Carpal Tunnel Surgery

Carpal Tunnel Surgery is done under twilight anesthesia. The drugs cause temporary amnesia, so it feels like one has been completely knocked out. Even though general anesthesia is not administered, when the patient awakes they cannot remember any of the events that have taken place during the surgery. Through an incision on the wrist, the carpal ligament is severed to relieve the pressure on the median nerve – Hence, the phrase “Carpal Tunnel Release Surgery”. The incision is sutured closed with the expectation that the ligament tissue will scar back together over several months leaving more space.

Carpal Tunnel Release Surgery Severs the Ligament

Cost of surgery and rehabilitation is in the range of $5,000 to $10,000 with some improvement achieved in over 70% of cases. Full restoration is achieved in less than 60% of surgeries. Downtime and rehabiliation generally range from six weeks to three months, but can take over a year, depending on how many lingering symptoms result and the degree of scar tissue formation as this primary ligament in the hand heals back together. Scar tissue formation during recovery from surgery is unpredictable and sometimes results in less space in this narrow anatomical passage of the wrist after the carpal tunnel surgical procedure, causing even more discomfort and numbness after surgery. This complication is only reported in less than 15% of surgical procedures.

It is common for people recovering from the carpal tunnel surgical procedure to experience some permanent loss of grip strength, a perduring loss of lifting strength in the wrist/forearm, a nagging loss of full range of motion of the hand and wrist after surgery and lingering tenderness at the incision. This is due to severing the Transverse Carpal Ligament and then relying on this important ligament at the base of the hand to scar or heal back together. The purpose of the Transverse Carpal Ligament is to wrap around the hand and wrist and helps hold the many small bones of the hand and wrist securely together (article is continued below).

Watch a Video Interview with Surgical Nurse Kathy speaking about Carpal Tunnel Treatment Options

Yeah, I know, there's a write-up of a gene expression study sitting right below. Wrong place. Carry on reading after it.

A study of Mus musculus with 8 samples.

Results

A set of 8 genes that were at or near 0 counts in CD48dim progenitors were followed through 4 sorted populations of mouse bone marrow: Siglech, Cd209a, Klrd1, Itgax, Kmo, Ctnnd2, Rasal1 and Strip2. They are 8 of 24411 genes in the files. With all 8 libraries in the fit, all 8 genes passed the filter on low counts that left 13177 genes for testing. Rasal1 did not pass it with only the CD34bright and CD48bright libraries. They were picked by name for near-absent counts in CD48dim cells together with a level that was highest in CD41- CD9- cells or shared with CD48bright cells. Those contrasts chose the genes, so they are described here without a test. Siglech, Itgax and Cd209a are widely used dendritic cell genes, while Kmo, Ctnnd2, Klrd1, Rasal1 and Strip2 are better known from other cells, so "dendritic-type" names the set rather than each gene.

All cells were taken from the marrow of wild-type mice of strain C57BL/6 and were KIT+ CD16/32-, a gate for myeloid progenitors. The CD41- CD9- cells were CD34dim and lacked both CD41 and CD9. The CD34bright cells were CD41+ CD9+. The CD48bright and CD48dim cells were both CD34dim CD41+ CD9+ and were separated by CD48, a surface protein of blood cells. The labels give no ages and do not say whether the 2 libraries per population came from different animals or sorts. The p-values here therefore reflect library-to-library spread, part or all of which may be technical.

and the risks of Surgery.

Kathy talks about symptoms and treatments for Carpal Tunnel Syndrome and how she was able to avoid Carpal Tunnel Surgery. This Surgical Nurse discusses the risks and common complications associated with this Carpal Tunnel Release Surgery.

This is why most medical professionals and insurance companies insist that credible non-invasive therapies are tried before resorting to surgery. Surgery for Carpal Tunnel is considered as a last resort. Contrary to what many people are led to believe, Carpal Tunnel Surgery is not a permanent fix.

Carpal-Tunnel-SurgeryFor this reason, most surgeons require that the patient changes their hand use pattern or addresses the work station ergonomics that may be contributing to repetitive stress at work or at home or insist on a career change, before they will perform a second surgery. Due to the scaring of the carpal ligament, it is not considered good practice to perform carpal tunnel surgery more than twice on the same hand.

Most patients do not have the stamina, time, money, resilience or patience to endure multiple surgeries on the same hand. Also, build-up of scar tissue from repeated cutting of this ligament often risk constricting the tight space in this narrow passage further, contributing to worse CTS symptoms, limiting range of motion and further weakening the grip of the hand and the lifting power of the wrist. You can learn more about natural Carpal Tunnel Relief Video options and watch an interview with Dr. Robbin discussing Carpal Tunnel Syndrome in a compelling video program hosted on YouTube and viewed on the link, Carpal Tunnel Treatment .

Because of the risks associated with the invasive nature of surgery, most surgeons, neurologists, family physicians, hand therapists, medical insurance companies and healthcare professionals generally advise patients to exhaust clinically documented conservative treatments for Carpal Tunnel Syndrome before considering surgery. The Carpal Solution is one of the best conservative therapies, because it is all natural, bears no risks and can be done in the convenience of home during sleep.

People considering surgery often worry about managing the downtime, the risks of potential complications, lingering symptoms during the recovery from surgery, the likelihood of permanent loss of grip strength in their hand and the loss of range of motion in the hand and wrist after surgery. Rehabilitations can be long, time consuming and painful.

Recovery from Carpal Tunnel Surgery is not as simple as it is sometimes represented.Many people elect not to undergo surgery on their other hand after having it on one hand. With a 60% patient satisfaction rate – it is one of the lowest in healthcare for surgical procedures. Most people want to have at least a 90% plus success rate before taking on the risks, downtime and long rehabilitation associated with almost any surgery.

For a chronic condition brought on by repetitive stress activities and often by metabolic swelling like CTS, it has a high probability of reoccurring. Most people prefer to find a reliable, convenient, safe and natural therapy that does not involve the risks, downtime, expense and the potential for complications of a surgical procedure. Repeating the drama of surgery is just not a pleasant experience for a patient with any condition, especially after one has endured the ramifications of Carpal Tunnel. There is no permanent cure for CTS, even after a successful surgical procedure, the symptoms will likely flare up again in time, if you keep doing the same activities. That is why you need to seek an all natural carpal tunnel treatment that is convenient, safe and has no downtime nor risks associated with it.